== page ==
Saturday, the Maryland Democratic Party's State Central Commitee voted unanimously to have Peter O'Malley lead the state's Democratic Party over the next few years, replacing outgoing Chairwoman Susan Turnbull. Peter, the brother of Martin O'Malley, Maryland's two-term Governor, was also the engineer of the CitiStat/StateStat data bases who also worked as Chief of Staff for former Baltimore County Executive Jim Smith.
The Governor nominated his brother, his former campaign manager of his successful Mayoral bid in Baltimore City's 1999 election, which now has the O'Malley clan fully in control of Maryland Democratic politics. Martin O'Malley, who now Chairs the national Democratic Governor's Association, is said to have ensured his brother's position through political favors and promises as he has a certain "vision" for the future of Democratic rule in Maryland. As one political insider revealed to me, "He [Martin] wanted to make sure that whoever took over the Chairman post wouldn't buck his authority if he chose to step aside to take a retiring Senator Mikulski's seat in two years, and also wanted someone he trusted in making sure Jim Smith was taken care of for future Maryland political aspirations; and who better than that then his own flesh and blood, his most trusted comrade in political affairs?"
However Republican Party Chairman Alex Mooney has some choice words and interesting insight into what the hiring of Peter meant for Maryland. "“It’s clear Governor O’Malley is more focused on putting members of his family to work rather than the over 200,000 unemployed Marylanders struggling to find a job.” Yet since O'Malley's November re-election bid, state Republicans say that he has been more busy traveling the country looking forward to his next gig, rather than focusing on the citizens of Maryland. In a recent blog they put up on the Maryland Senate GOP website, the minority crew suggests that:
"The State is truly in a fiscal crisis, but Governor Martin O'Malley is nowhere to be found. Unless, of course, you find him in Washington, D.C. Last Friday marked the mid-point of the 2011 Legislative Session. The only notable conclusion that can be made so far is that the State of Maryland is rudderless and the Chief Executive is missing in action. As required by the Maryland Constitution, O'Malley submitted his budget on the tenth day of the session. Then, he high-tailed it out of town. Why should a Chief Executive be bothered with such pedestrian topics as budget shortfalls when the world of national politics beckons?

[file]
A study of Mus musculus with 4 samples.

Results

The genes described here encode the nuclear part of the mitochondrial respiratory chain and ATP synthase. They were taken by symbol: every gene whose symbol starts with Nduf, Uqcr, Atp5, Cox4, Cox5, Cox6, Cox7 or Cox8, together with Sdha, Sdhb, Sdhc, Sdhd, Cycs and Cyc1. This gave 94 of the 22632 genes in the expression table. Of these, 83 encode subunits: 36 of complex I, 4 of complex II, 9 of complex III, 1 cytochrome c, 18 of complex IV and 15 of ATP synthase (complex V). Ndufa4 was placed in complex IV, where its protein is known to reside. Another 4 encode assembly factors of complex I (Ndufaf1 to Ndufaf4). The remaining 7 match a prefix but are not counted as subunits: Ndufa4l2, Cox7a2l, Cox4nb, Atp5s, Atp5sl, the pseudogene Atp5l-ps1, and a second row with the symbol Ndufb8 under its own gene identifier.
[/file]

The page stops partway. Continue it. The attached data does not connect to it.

As party chairman, Peter's job will almost assuredly begin with the Baltimore City elections this year, while securing the election of O'Malley crony Mayor Stephanie Rawlings-Blake while also ensuring a democratic sweep in all 14-districts and three city-wide positions of Mayor, Council President and Comptroller. Then he will be expected to help engineer the re-elections of Democratic United States Sen. Benjamin L. Cardin and President Barack Obama in 2012.
However in a city and state that are more consistently blue than that of the outside sky, he shall have no real problems with such a task. Yet he may become more a referee between the many arrogant "chosen one" Democrats who are set to challenge Cardin and possibly some congressional candidates such as J. Sarbanes in the 3rd, D. Edwards in the 4th and E. Cummings in the 7th? Even trying to keep the Mayoral elections of Baltimore down to a reasonable number of Democratic candidates this year may be a challenge Peter may not want to take on; for the O'Malley finderprints on a Rawlings-Blake lost would be a devastating blow to an incumbent Governor and former Baltimore Mayor, along with an ever-powerful newly elected Party Chair?
It's bad enough we had the Governor recently re-appoint his wife, Judge Katie O'Malley to another ten year term on the courts, now we have his brother running a Party that seems to be headed in a blistful state of legislative disappointments and egrigeous economics.
Is this nepotism? What the Baltimore City Council was investigated for in 2004? You decide here!